A contrarian impulse was triggered by a recent article entitled 'The Buy-Side Revolution' (Wall Street Journal, 9/27/2002) by Charles Wolfe, Jr., who is a senior economic advisor and corporate fellow in international economics at Rand and a senior research fellow at the Hoover Institution. One of Wolfe's theses in his article is that non-professional investors are being advantaged by the recent developments in regulating how public companies present the results of their operations including financial statements to the marketplace. He thinks that with the improvement he cites resulting from Sarbanes-Oxley and several of the SEC's initiatives 'it is entirely possible for investors [and he means non-professionals] to become sufficiently knowledgeable about investments products, to ask the right questions and demand the information necessary to make better decisions in accord with their own preferences and judgments.'
He rejects the notion advanced by some financial professionals that 'investment products are too technical and arcane for individual investors to understand as well as they understand consumer products and services.'
The problem, as I see it, is exemplified by a recent public disclosure filed by AT&T in connection with the Comcast transaction. The disclosure statement was 800 pages long and, in my view, that renders the disclosures unreadable to anybody other than a financial professional. The contrast with private equity where the investors, at least from the Series A Round onward, are largely professionals, is extraordinary. If an issuer seeking capital from venture capitalists were to present a disclosure statement that was 100 pages long, let alone 800 pages long, the document would not even make it in the door. At one point, the idea was that you had to present the VCs with an 'elevator pitch,' meaning a document they could read as the elevator was going from floor to floor.
Of course, once the asset manager became serious about investing in making a private equity investment the due diligence process starts and a good deal of data would be collected on the investment opportunity (but in rare cases 800 pages worth). However, the point in both private and public equity is that there are a number of opportunities to choose from. If all you want to do is invest in AT&T to the exclusion of any other opportunity, then I suppose it is feasible to wade through 800 pages of text to find the information you want. If you want to compare AT&T stock to 100 other stocks on the New York Stock Exchange, then I submit the AT&T disclosures are useless unless it is your job as a securities analyst to do nothing but read the disclosure statements in the industries you cover.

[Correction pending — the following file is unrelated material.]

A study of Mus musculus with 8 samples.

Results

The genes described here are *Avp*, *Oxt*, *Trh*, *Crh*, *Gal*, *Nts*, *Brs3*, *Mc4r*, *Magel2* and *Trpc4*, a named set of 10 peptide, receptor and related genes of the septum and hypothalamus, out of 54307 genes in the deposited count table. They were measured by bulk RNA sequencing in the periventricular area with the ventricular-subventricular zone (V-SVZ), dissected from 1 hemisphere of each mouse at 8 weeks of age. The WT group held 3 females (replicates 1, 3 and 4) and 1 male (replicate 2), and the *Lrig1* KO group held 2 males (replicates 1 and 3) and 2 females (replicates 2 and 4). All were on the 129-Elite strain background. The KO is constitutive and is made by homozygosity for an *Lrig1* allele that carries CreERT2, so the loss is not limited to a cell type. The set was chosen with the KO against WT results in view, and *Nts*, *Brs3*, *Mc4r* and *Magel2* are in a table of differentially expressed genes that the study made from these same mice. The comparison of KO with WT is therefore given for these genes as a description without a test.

My point is not to oppose the reforms we are seeing in today's environment. They are long overdue and the integrity of the markets is at stake, a point Arthur Levitt made in a speech some years ago at NYU law school and he was prescient on the issue. My point is that the principle of unintended consequences, if the pendulum swings too far, threatens the classic 'throw the baby out with the bath water' effect.
As Sarbanes-Oxley and other exposure to civil and criminal liability threaten boards, audit committees, management, auditors and counsel, human nature takes over. In order to protect one's self (and the SEC's Plain English requirements to the contrary notwithstanding), the disclosure statements are going to grow like Topsy, risk factors will become extended ad infinitum, the notes to the financial statements, the qualifications in the M&A section, 800 pages may appear brief as self protection generates prolixity. We all know where we want to go with these reforms. The trick is to get there without a structure which, for example, will result in the IPO market never resuscitating itself and private equity finance suffering from the inability to provide upside compensation to key executives.